Finding Its Bark on
DVD & Blu-ray
DVD & Blu-ray
Although, since I must confess that after witnessing Space Buddies, the idea of live action animals with animated mouths to match their vocals has made its way onto my list of irrational fears including escalators and Die Hard era Alan Rickman-- I was completely unprepared by how enjoyable this movie would turn out to be.
Beverly Hills Chihuahua begins as though it's a canine version of Romy and Michelle's High School Reunion, Clueless, Legally Blonde, or The House Bunny by introducing us to our spoiled chihuahua heiress Chloe (voiced by Drew Barrymore) as essentially the Paris Hilton of dogs whose owner Jamie Lee Curtis (Freaky Friday) is a cosmetics industry tycoon.
The Adventures of Rocky and Bullwinkle, The Prestige) in charge.
Fortunately, Andy Garcia's German Shepard with the heart of gold takes pity on the pint sized Chloe and thereafter busts her out of the ring (not to mention an incredibly intense and frightening sequence that may scare Disney's youngest viewers) as the two team up to try and make their way home.
Meanwhile, having gotten word that his beloved Chloe is missing down south, Papi and his handsome owner Nick Zano decide to help-- for Chloe and their devotion to Curtis in lieu of the bratty Rachel who shares some predictable banter with the man she dismisses as the simple "gardener," only to realize that-- just like Chloe-- she must move past her spoiled ways.
While it's cute and obviously contemporary in poking fun at those who treat Chihuahuas as though they were purse dogs-- Beverly Hills Chihuahua also manages to sneak in some interesting plot-lines involving an undercover police case, a subtle message about immigration as at one point Chloe and Delgado contemplate sneaking her across the border with the help of a coyote, and needless to say-- the true Disney tenants of unlikely friendships.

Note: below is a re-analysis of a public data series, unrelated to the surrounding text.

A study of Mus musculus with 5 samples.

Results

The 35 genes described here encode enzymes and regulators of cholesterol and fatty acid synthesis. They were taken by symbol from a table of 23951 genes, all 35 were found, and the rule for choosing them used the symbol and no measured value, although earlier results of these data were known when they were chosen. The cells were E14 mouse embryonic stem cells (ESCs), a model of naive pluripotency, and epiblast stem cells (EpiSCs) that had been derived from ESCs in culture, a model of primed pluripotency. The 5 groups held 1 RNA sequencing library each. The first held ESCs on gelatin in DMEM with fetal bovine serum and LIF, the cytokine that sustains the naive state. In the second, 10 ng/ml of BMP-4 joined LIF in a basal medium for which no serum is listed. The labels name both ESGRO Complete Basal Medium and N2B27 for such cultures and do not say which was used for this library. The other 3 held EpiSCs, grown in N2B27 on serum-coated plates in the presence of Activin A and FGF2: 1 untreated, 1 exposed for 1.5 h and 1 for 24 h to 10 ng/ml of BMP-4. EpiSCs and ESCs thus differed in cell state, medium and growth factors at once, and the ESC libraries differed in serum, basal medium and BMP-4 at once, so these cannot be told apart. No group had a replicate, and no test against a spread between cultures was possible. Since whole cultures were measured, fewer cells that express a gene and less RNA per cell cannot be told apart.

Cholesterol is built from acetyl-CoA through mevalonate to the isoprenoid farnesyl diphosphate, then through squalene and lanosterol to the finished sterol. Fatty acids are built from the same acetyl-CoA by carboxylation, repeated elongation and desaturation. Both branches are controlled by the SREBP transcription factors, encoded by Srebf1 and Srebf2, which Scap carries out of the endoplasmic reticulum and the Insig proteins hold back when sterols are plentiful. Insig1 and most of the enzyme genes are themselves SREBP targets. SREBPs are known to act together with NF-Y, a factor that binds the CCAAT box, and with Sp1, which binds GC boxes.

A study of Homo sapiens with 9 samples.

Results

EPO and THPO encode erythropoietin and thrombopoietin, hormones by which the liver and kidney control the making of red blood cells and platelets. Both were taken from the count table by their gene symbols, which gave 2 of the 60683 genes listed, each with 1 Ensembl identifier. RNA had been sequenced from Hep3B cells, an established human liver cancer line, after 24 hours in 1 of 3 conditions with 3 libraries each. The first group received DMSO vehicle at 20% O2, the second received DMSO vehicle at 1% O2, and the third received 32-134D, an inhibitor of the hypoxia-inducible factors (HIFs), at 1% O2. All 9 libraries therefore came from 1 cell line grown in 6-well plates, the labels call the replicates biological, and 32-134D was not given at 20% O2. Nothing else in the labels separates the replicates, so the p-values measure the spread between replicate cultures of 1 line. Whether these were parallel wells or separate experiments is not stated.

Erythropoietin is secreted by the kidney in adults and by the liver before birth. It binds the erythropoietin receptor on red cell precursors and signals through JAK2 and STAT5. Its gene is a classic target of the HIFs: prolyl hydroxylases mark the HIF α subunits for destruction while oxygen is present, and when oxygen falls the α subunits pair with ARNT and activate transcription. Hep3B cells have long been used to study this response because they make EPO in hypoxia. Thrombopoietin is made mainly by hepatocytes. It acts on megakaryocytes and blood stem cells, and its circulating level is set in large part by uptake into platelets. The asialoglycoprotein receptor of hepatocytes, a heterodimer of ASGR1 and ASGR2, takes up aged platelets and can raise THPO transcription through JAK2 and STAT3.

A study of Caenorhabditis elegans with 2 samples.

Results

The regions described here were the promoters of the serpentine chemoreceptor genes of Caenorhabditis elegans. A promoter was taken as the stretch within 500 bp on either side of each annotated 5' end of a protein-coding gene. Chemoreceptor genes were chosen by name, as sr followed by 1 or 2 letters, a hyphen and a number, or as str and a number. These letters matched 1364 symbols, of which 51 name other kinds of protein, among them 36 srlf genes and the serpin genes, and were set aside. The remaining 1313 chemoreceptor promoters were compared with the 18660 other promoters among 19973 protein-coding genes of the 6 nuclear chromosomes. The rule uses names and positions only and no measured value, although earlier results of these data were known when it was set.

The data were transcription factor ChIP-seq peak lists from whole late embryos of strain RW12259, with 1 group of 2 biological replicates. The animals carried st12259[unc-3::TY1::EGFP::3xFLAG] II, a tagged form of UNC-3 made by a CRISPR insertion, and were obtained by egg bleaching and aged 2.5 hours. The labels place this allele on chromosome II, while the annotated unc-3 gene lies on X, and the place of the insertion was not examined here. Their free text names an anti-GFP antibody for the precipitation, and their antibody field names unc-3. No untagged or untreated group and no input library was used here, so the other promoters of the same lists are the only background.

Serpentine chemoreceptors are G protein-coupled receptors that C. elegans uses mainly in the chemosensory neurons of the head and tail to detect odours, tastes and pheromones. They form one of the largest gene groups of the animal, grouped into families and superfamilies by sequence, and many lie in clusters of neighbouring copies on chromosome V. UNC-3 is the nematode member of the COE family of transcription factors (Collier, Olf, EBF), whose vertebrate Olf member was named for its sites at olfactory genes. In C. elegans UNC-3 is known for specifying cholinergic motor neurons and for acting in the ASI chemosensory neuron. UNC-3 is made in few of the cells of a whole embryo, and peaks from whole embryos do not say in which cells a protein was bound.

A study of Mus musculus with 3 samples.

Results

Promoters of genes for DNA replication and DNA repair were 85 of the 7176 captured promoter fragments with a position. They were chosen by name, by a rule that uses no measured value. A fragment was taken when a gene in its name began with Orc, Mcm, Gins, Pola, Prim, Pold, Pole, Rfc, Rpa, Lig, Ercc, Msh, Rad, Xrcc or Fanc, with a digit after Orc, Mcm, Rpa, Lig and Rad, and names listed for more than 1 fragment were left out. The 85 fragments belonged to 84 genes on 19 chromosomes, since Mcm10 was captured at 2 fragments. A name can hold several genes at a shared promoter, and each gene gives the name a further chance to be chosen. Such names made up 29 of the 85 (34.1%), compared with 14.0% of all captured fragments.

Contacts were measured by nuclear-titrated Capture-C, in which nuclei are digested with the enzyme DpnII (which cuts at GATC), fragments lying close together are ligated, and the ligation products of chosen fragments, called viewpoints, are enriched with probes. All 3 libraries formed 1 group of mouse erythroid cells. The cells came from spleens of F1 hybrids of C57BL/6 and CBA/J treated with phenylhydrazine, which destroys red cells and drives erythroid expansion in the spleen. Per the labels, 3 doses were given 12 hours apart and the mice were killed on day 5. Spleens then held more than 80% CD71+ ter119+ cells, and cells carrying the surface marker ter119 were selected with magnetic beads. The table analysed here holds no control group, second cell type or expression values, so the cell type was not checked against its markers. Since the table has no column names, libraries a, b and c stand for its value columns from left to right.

While every time a Disney film featuring dogs has been released, spontaneous pet ownership skyrockets-- Disney conquers this head on by ending the film with an important public service announcement that adding a pet to your home is a commitment for life.
Additionally and exclusive to the Blu-ray format, it's filled with more dog-oriented extras that go behind-the-scenes of working with hundreds of dogs (some who understood Spanish and others who only knew English) as well as learning more about the training process, Drew Barrymore's work to help save dogs from being euthanized, and intriguing facts including that the scene-stealing Papi was found at a local shelter, scheduled to be put down before the filmmakers stepped in and adopted him for the movie.
Legend of the Chihuahua along with the run-of-the-mill disc inclusions of bloopers and deleted scenes-- most of the truly worthwhile featurettes are only available exclusively on the Blu-ray including a fun look at the cast as they record their voice work, such as Cheech Marin who likens the process of acting for animation as "carving with a chainsaw" since they have to be very big.
Giving Blu-ray fans the opportunity to access the Disney BD-Live Network and featuring the film in a crystal clear transfer that fills widescreen televisions and sounds excellent in English, Spanish, and French language 5.1 or 2.0 Dolby Digital as well as 5.1 English Uncompressed audio tracks-- it's a marvelously high quality disc that again in boasting exclusive content for Blu-ray helps encourage Disney devotees to make the switch yet again with each successive superlative transfer to Blu-ray.
Beverly Hills Chihuahua is much better than one would think, if like Chloe and Rachel you leave your cynicism and judgments at the doggy door.